One thing I have wanted to do since coming to Wisconsin, is go to Pulaski during Polka Days. I wanted to see how it compares to my Cedar, Michigan Polka Fest. Pulaski is about 50 miles to the North. We decided to go mid day last Saturday afternoon. Crowds were smaller then, but what a big hearted small town with townfolk very welcoming whereever we went. The population is just over 3,000.  The main thorough fare had dozens of craft tents exhibitors lining it, linking the Polka tent area with the humongous Catholic Church started by the Franciscans that the town was formed around.

My trick to get Jon to go was for the Polish food that hopefully would be found there. There was no hope for a polka, he said firmly he doesn’t know how. How you can be 100% Polish on both sides and not know how to polka is beyond me. Oh well, I could get beyond that. We would have an opportunity to hear some good music and soak in the atmosphere.

The local FFA hosted one food both and we sampled a shared mini buffet of pirogues, cabbage rolls, Polish sausage and a brat, and fried cheese balls while we sat in the shade listening to music coming from the two different tents with huge wooden dance floors.

I was amused with all the lawn chairs surround the tent. It reminded me of how parade goers set up their chairs the night before the parade to be assured of a good spot to watch. Well in this case many dancers and watchers set up their chairs so they have a comfortable station between dances or while watching. The festival provided small metal bleachers opposite the stage on the far end of each tent for those who didn’t know they had to bring their own chair, like us. I expected tables and chairs around the dance floor under one big tent. I guess most people don’t come to do much sitting, they come to dance.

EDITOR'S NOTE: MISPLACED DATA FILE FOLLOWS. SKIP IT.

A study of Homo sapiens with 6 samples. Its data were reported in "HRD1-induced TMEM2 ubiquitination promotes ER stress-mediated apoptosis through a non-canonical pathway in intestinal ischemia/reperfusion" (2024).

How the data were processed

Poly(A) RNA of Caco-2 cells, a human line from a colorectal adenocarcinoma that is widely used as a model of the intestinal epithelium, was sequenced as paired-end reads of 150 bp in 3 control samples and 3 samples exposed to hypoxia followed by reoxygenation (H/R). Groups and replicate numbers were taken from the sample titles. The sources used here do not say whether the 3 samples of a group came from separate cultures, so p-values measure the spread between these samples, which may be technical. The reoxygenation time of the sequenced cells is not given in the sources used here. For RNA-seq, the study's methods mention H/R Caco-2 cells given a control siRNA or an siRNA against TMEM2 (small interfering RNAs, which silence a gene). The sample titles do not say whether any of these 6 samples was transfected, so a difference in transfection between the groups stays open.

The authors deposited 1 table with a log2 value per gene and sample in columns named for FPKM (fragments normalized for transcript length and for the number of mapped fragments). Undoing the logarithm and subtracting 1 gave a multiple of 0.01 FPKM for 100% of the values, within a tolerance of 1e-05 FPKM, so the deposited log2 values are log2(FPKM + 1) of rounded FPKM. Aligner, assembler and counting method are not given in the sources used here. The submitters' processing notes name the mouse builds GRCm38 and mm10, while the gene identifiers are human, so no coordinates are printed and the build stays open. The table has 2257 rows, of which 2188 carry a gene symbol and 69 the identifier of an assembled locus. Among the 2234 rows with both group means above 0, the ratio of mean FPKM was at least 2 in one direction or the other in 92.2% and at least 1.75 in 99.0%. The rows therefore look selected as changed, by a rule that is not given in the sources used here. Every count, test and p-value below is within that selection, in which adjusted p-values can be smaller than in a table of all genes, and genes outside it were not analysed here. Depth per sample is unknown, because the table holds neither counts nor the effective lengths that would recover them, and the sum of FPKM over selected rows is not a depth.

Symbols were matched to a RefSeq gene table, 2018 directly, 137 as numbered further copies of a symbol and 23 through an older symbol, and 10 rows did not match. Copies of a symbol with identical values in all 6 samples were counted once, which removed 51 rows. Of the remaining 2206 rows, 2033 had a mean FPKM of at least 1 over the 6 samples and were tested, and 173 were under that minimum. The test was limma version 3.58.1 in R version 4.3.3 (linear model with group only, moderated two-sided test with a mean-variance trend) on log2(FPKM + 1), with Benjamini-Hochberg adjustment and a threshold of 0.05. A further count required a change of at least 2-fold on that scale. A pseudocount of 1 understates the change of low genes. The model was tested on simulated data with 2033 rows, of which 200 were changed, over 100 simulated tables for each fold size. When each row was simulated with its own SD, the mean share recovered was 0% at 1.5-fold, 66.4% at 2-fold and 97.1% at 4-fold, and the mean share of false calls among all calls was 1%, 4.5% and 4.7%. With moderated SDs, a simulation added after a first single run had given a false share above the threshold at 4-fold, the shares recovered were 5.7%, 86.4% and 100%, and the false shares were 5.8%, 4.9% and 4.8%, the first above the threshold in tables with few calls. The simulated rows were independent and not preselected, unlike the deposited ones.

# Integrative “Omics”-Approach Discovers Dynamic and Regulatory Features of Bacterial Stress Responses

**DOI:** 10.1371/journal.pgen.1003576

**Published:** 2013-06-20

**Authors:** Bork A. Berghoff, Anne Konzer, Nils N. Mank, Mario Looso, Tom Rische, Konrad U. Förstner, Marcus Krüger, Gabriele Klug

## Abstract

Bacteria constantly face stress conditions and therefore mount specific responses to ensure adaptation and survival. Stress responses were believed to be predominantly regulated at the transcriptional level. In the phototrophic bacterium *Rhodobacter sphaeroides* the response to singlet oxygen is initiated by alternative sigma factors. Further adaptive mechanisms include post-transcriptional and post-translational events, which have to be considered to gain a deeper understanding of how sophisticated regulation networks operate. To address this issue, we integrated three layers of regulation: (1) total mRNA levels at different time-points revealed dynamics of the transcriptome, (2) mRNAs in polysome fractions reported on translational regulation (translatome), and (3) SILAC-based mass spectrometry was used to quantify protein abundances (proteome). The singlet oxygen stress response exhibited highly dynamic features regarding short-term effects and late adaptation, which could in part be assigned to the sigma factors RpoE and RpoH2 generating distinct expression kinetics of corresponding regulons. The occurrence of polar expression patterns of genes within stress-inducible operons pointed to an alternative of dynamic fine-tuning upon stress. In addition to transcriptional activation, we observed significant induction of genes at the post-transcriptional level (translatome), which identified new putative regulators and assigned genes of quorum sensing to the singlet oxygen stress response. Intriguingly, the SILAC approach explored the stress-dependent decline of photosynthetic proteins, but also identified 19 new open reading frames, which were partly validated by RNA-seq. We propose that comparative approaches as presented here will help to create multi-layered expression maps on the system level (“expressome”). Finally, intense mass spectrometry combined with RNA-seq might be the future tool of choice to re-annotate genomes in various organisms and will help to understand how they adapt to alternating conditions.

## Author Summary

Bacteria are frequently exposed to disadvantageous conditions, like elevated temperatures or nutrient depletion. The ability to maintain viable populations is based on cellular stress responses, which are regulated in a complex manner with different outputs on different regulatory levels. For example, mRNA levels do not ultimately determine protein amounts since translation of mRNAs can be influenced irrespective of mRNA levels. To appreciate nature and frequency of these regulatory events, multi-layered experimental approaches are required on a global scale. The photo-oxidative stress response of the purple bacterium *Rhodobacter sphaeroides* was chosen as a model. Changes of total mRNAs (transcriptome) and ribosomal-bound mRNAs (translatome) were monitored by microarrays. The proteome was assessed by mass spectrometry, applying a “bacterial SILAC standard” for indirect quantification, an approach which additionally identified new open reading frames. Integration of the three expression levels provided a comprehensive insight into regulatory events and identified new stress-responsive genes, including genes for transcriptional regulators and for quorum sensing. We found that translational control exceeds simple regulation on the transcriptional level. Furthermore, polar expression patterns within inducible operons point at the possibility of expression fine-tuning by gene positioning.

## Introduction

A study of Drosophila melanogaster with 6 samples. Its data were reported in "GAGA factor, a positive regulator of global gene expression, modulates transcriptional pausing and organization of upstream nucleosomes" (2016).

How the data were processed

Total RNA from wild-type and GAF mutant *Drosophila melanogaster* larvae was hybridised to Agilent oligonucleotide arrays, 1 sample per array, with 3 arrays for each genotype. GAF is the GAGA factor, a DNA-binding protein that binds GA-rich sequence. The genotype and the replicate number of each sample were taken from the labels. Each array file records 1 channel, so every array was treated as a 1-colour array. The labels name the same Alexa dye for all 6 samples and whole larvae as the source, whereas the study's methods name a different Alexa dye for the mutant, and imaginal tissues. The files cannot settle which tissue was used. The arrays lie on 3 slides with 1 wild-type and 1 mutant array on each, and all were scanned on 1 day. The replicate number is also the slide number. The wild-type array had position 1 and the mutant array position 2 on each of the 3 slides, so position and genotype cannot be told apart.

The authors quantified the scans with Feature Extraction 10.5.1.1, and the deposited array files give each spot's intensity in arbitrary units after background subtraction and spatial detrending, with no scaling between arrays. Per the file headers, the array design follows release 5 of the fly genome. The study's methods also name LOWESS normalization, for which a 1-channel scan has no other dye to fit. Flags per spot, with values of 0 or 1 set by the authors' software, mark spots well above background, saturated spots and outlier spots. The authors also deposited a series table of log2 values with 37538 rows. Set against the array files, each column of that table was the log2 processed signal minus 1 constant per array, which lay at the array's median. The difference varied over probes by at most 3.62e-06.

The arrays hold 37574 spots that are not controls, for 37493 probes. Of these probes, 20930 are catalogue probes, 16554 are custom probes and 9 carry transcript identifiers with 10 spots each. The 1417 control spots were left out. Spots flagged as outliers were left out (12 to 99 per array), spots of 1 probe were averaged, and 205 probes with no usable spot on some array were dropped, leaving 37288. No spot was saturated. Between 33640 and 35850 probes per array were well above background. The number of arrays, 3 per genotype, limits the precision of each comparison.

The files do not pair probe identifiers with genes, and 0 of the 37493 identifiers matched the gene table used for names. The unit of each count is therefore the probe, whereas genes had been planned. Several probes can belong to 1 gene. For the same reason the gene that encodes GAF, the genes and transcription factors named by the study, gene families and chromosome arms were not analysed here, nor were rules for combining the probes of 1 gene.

Of course there was a beer station and huge plastic cages for recycling the cans. I am sure they are full by evening’s end. What’s a polka fest without beer.

In the evening the event really kicks up and the dancers come out. Besides the two tents, there is a ballroom where contestants can compete. We saw several styles of dancing while we were there.

Pulaski’s claim to fame is one of the biggest Polka Festivals in the Midwest. This festival runs Thursday through Sunday with over 20 national polka bands, mostly out of the Mid west, to entertain the crowds. Sunday, the last day, is highlighted with a parade through town. This was the 33rd event for Pulaski. I think we will have to go back in the evening another year and see what it is like. And in comparison to the Cedar, MI Polka Fest, Pulaski is on a grander scale but both deserve a visit.


I retired 9 years ago from teaching and then remarried. Of course that wasn't enough of a life change, so I moved to Wisconsin where my husband Jon resided. This blog reflects thoughts about my Wisconsin and Michigan, hobbies, and family history. As of 2016 we have returned to NW Lower Michigan near family and friends.